The term "speculative fiction", like most genre names, does not have a clear-cut or universally agreed-upon definition. The term appears to have been coined by Robert A. Heinlein, a popular and respected writer of "hard-core" science fiction (i.e. science fiction that relies on the scientific accuracy of the problems and solutions included in the work). In an essay written in 1948, "On Writing of Speculative Fiction", he explicitly used the term as a substitute for "science fiction." Once the term went into popular use, editors, readers, academics and some writers developed a tendency to think of speculative fiction as an umbrella term covering everything from science fiction and fantasy to magical realism. Under this definition, every novel that is not highly invested in "realism" could be called "speculative fiction." People who embrace this term, e.g. the prolific on-line reviewer of speculative fiction, D.D. Shade, argue that the excessive sub-genres within genres like science fiction and the growing tendency of writers to draw from several sub-genres and genres within their work makes a more general term useful.
At the same time, writers have also used the term to distinguish their work from the very genres the term is supposed to cover. In other words, writers who feel that the literary world looks down upon science fiction and fantasy want to distinguish their work as different from those styles of novels, and consequently prefer the term "speculative fiction." The use of "speculative fiction" to express dissatisfaction with the genre of science fiction was popularized in the 1960s and early 1970s by Judith Merril and other writers and editors in connection with the New Wave movement. It fell into disuse around the mid 1970s, but just as New Wave arts have enjoyed a slight return to popularity in the 2000s, the idea of speculative fiction as distinct from other genres has once again entered the general parlance.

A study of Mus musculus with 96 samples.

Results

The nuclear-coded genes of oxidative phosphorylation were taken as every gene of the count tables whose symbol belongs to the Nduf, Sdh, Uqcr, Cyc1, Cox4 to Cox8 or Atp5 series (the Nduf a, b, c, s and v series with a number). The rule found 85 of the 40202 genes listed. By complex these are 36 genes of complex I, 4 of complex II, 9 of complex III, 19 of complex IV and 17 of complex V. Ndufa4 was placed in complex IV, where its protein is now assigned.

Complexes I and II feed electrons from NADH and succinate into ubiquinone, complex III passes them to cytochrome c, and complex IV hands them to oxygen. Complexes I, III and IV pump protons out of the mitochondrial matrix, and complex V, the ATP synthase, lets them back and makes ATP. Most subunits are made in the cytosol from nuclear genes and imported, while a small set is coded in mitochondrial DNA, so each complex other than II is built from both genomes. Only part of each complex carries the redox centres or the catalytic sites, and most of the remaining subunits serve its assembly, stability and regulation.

The use of the term "speculative fiction" has been intertwined in a complicated way with issues of women writers of genre fiction. In 1996, the journal Femspec was founded to combat the "collectively perceived lack of attention to science fiction, fantasy, magical realism and supernatural works in feminist journals and audiences; the lack of consistently developed levels of feminism in science fiction criticism; and the inadequacy of magical realist publishing outlets and forums in the United States." In the 1960s and 1970s, women both became much more prolific as writers of science fiction and fantasy, and achieved much higher levels of acceptance amongst their peers, readers, and reviewers. Women began winning the top science fiction writing awards (The Nebula and The Hugo) and much more frequently published under their own names (previously almost all women writing science fiction and fantasy published under pseudonyms or used only the initial of their first name). As these women pushed for more acceptance in the world of science fiction, many also wanted to raise the level of importance of the genre itself. Those who wanted to be perceived as writing a more literary and even more "realistic" type of science fiction often referred to their work as "speculative fiction."
Margaret Atwood is one of these writers, and her use of the term "speculative fiction" generates strong reactions from her own readers as well as from science fiction readers in general. Atwood stresses the idea of speculative fiction is different from science fiction, for she sees science fiction as "filled with Martians and space travel to other planets, and things like that." Atwood seems to view science fiction as inferior to speculative fiction in that science fiction seeks only to entertain, whereas speculative fiction attempts to make the reader rethink his or her own world based on the experiences described the novel. The controversies around both the meaning of the term "speculative fiction" and the importance of science fiction and fantasy novels continue even today. When examining this conflict, it is important to recall that when the novel first began its rise to the top of all literary forms, it was considered merely "cheap entertainment" and went by a different title altogether: the romance novel.